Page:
At a rally in Appleton, Wis., on March 30, President Bush came down hard on Democrats for supporting an increase in the 18.4- cent-a-gallon federal gasoline tax, which finances highway building, mass-transit projects and safety programs.
As a six-year surface transportation bill moves through Congress, he said, "there are some in the other party in Washington who would like to raise gas taxes. I think it would be wrong. I think it would be damaging to the economy, not positive to the economy."
The president was right that some Democrats favor a modest increase. But so do some leading GOP lawmakers.
Rep. Don Young (Alaska), the Republican who chairs the House Transportation and Infrastructure Committee, has been leading a crusade for sharply increased transportation spending funded by an immediate nickel increase in the tax, followed by annual increases of half a cent.
The last increase was in 1993.
The extra revenue raised from highway users would go to the Highway Trust Fund, which finances road, mass-transit and safety programs. Young argues that the spending would create hundreds of thousands of new jobs.
He is supported by top Democrats on the committee, but also by Republican Rep. Thomas E. Petri (Wis.), who chairs the committee's panel on surface transportation. Petri's long record of fiscal conservativism has won him endorsements from groups such as the National Taxpayers Union and the Concord Coalition, which advocate fiscal responsibility.
Petri told the House Rules Committee last week that he favored annual increases in the tax -- which he called a "user fee" -- to make up for the inflation-eroded buying power of the dollars raised for the Highway Trust Fund.
The $275 billion surface transportation bill that the House approved overwhelmingly on April 2 did not include such an increase. Neither does a $318 billion Senate version approved earlier.
With gasoline prices at their highest levels in years and an election just months away, an increase this year appears out of the question. Bush recently attacked Sen. John F. Kerry (Mass.), his Democratic opponent, for once favoring a 50-cent-per- gallon increase.
The Kerry campaign responded that while the senator did mention such a potential increase in a 1994 newspaper article that also discussed possible tax cuts, he never voted for it.
At the state level, however, there has been considerable bipartisan support for changes.
Since 1997, 14 state legislatures have voted to raise their state gas taxes a total of 17 times, according to a study released last week by the American Road & Transportation Builders Association (ARTBA). The increases ranged from 1 cent per gallon in North Dakota to 6 cents a gallon in Ohio.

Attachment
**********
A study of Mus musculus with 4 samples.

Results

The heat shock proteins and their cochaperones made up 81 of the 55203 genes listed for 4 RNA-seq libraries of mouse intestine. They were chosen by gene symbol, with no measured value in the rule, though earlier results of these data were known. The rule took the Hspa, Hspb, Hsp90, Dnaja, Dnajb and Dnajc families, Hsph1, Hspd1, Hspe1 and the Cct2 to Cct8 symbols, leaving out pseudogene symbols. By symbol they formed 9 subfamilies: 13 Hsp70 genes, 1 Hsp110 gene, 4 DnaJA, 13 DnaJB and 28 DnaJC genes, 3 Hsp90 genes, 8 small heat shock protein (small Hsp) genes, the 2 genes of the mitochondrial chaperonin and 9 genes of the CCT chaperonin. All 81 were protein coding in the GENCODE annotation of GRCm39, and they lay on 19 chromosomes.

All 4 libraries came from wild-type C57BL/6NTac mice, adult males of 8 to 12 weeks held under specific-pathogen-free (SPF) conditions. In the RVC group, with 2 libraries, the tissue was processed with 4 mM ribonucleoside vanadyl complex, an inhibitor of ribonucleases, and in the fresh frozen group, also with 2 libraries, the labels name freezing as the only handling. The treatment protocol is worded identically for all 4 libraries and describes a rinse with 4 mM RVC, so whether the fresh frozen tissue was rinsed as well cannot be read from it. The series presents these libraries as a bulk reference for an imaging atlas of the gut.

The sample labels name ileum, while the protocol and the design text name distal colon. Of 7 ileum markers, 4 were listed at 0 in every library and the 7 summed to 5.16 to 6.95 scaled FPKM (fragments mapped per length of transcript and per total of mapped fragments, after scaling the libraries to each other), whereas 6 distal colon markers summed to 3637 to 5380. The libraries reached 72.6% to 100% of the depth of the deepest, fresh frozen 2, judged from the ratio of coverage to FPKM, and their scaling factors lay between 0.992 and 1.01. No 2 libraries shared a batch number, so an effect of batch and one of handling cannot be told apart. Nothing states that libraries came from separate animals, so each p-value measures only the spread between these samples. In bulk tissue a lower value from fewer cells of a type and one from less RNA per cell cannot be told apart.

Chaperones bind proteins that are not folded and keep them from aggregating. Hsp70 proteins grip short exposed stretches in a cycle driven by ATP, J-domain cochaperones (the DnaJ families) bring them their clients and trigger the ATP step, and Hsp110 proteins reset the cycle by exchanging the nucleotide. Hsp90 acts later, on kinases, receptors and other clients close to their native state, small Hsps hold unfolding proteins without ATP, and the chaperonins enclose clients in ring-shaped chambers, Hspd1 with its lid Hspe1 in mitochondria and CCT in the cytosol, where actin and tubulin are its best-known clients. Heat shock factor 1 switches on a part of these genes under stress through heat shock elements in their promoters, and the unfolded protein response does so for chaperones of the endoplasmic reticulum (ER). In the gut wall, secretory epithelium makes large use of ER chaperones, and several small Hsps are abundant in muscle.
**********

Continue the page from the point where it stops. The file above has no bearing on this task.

Ten of the states had Republican governors and seven had Republican legislatures, the ARTBA study found. In Florida and New York, which both have Republican governors, laws require the tax to be adjusted for inflation. Recent actions by the 74-member House Transportation and Infrastructure Committee have suggested there may also be a core of bipartisan support in Congress.
On March 24, the committee voted unanimously to approve a $375 billion measure that Young made clear would have to be funded by a gas tax hike.
Approval came by voice vote, with most of the 40 Republicans on the committee present. The action was largely symbolic because Young had promised GOP leaders not to send the bill to the House floor. The bill did not actually include changes in the gas tax, which are up to the tax-writing Ways and Means Committee. The next day, the transportation committee approved the smaller, $275 billion measure on which the House acted.
But many Republicans expressed dissatisfaction with that bill. They claim their states are shortchanged by a federal highway aid formula. The House rejected an amendment to reallocate funds within the bill, raising the possibility that, ultimately, higher gas taxes may be needed to raise sufficient revenue to fix the problem.
The Senate-passed transportation bill spared senators from voting on the gasoline tax issue. It readjusted the formula, using extra funds raised through a series of fiscal devices. But the White House has threatened a veto, citing the cost and various financing gimmicks.
Robert E. Ebel, chairman of the energy program at the Center for Strategic and International Studies, said that privately many lawmakers believe higher gas taxes could curb demand, encourage more fuel-efficient vehicles and reduce U.S. dependence on Middle East oil.
"There are plenty on the Hill who think we need [higher] gas taxes, but they aren't going to stand up on the floor and say that," Ebel said.